I was totally ready with my playlist for driving across Iceland. It was a binge of Bjork, Sugarcubes and Sigur Ros. But when we got in our little rental car, bad news.
There was no MP3 jack. No jack, no playlist. And no playlist, no roadtrip. That meant one thing. We had to find an actual record store.
Lucky Records in Reykjavik was the place. The guy at the counter sent us over to a wall of Icelandic CD’s near a big easy chair, and a CD player.
Their music is kind of like Tom Waits crossed with cabaret, and a big dose of hip hop. These dark cinematic hip hoppy dreamscapes made me want to hear more. I randomly picked one of their two albums to buy and got a few other Icelandic CDs. Then I popped Epic Rain's Elegy into the car stereo.
A perfect soundtrack to Iceland
Epic Rain's music and lyrics reflected the imagery — the birds, horses, and stark beauty of the sea and sky. It also evoked the solitude and quiet I found in the emptiness of the land. And it even captured some of what our own inner landscapes might look like too.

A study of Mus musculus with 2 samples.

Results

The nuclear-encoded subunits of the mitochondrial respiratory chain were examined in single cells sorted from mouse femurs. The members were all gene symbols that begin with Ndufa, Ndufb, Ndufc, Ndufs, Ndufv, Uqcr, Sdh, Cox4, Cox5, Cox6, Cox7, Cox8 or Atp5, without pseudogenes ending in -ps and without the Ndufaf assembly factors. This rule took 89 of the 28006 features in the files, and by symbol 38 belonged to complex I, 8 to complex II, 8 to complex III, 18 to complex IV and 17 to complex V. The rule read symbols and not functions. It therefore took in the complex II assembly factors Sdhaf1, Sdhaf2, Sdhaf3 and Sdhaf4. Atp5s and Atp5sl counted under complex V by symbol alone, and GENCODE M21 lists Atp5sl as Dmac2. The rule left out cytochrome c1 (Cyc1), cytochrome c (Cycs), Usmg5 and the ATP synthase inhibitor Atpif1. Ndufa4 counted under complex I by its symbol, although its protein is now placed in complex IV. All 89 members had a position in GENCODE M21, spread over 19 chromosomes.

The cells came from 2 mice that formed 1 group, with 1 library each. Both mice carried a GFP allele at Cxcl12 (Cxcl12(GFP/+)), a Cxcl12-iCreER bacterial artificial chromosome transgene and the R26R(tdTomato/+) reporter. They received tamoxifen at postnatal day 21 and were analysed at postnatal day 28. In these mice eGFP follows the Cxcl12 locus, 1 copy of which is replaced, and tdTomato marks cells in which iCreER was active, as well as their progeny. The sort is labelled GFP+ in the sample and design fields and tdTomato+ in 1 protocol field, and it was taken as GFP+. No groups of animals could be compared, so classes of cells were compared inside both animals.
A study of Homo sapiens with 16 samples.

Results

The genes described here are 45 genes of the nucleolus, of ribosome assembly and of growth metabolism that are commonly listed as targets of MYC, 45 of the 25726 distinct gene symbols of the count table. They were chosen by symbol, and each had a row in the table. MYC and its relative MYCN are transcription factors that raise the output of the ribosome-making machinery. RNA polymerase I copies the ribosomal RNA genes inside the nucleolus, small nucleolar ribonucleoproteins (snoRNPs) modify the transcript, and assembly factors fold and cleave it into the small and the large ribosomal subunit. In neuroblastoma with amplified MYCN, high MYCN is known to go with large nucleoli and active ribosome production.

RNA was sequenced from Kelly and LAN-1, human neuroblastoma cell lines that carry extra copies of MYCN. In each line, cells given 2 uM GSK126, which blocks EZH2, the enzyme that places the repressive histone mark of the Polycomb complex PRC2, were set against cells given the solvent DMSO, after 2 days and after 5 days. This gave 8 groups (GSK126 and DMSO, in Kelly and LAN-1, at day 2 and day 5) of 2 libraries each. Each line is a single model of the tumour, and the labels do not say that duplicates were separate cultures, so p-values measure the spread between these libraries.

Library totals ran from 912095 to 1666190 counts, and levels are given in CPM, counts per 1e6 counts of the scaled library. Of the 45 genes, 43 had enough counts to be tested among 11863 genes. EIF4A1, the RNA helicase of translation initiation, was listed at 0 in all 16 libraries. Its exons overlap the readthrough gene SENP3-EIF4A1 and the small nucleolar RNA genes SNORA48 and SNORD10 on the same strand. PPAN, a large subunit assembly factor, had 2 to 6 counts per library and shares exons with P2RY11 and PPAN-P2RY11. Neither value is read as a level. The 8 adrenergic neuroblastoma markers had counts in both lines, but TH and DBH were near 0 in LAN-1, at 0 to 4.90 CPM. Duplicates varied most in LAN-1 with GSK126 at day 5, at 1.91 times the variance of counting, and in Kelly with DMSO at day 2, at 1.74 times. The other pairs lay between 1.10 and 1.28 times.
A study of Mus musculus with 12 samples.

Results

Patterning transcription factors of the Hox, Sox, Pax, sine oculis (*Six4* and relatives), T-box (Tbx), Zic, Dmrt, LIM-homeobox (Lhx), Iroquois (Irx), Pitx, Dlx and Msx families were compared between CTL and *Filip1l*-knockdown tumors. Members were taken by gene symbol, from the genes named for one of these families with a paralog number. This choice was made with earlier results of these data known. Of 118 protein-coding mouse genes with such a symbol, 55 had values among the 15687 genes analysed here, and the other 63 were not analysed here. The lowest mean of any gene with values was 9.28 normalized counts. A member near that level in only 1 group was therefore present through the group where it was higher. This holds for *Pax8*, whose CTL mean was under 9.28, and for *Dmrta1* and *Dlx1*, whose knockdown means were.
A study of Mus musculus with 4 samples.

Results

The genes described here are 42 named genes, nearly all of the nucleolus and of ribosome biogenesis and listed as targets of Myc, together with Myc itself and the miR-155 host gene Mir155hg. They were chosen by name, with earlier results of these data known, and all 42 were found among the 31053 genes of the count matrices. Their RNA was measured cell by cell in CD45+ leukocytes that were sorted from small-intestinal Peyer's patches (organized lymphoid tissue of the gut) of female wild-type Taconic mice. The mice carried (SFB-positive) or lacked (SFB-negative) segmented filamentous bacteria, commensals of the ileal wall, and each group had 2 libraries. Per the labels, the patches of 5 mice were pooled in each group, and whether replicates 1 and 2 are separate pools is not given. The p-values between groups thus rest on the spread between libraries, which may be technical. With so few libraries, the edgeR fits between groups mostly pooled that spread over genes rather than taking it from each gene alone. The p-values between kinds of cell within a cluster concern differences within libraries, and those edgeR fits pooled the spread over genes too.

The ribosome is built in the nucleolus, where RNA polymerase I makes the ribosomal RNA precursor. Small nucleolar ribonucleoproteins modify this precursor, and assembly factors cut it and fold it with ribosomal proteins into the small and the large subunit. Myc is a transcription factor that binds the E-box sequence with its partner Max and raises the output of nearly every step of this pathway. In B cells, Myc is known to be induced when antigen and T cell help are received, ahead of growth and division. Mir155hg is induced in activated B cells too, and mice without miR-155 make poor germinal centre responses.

I wasn't expecting an Icelandic band to nail both what I was seeing as we toured Iceland, as well as what my own daydreams and nightmares might sound like.
Within days of buying that one CD I had downloaded their EP Murder of Crows. When I got back home, I ordered their other album.
I also watched their beautifully weird YouTube videos:
Johannes Palmason, the lyricist and rapper of Epic Rain, is actually of Lebanese descent, not Icelandic. But in retrospect that kind of fits. There’s an outsider ethos to the words he writes.
A trip isn’t a trip without some kind of souvenir.
Most people visiting Iceland come home with a toy puffin or a big wool sweater. I came home with something more in keeping with the literal meaning of "souvenir" — a new favorite band that made me feel oddly connected to the country I visited. A vacation sountrack that reminded me that the point of travel is to find yourself in the midst of the unfamiliar — and that sometimes, you just want to turn it up!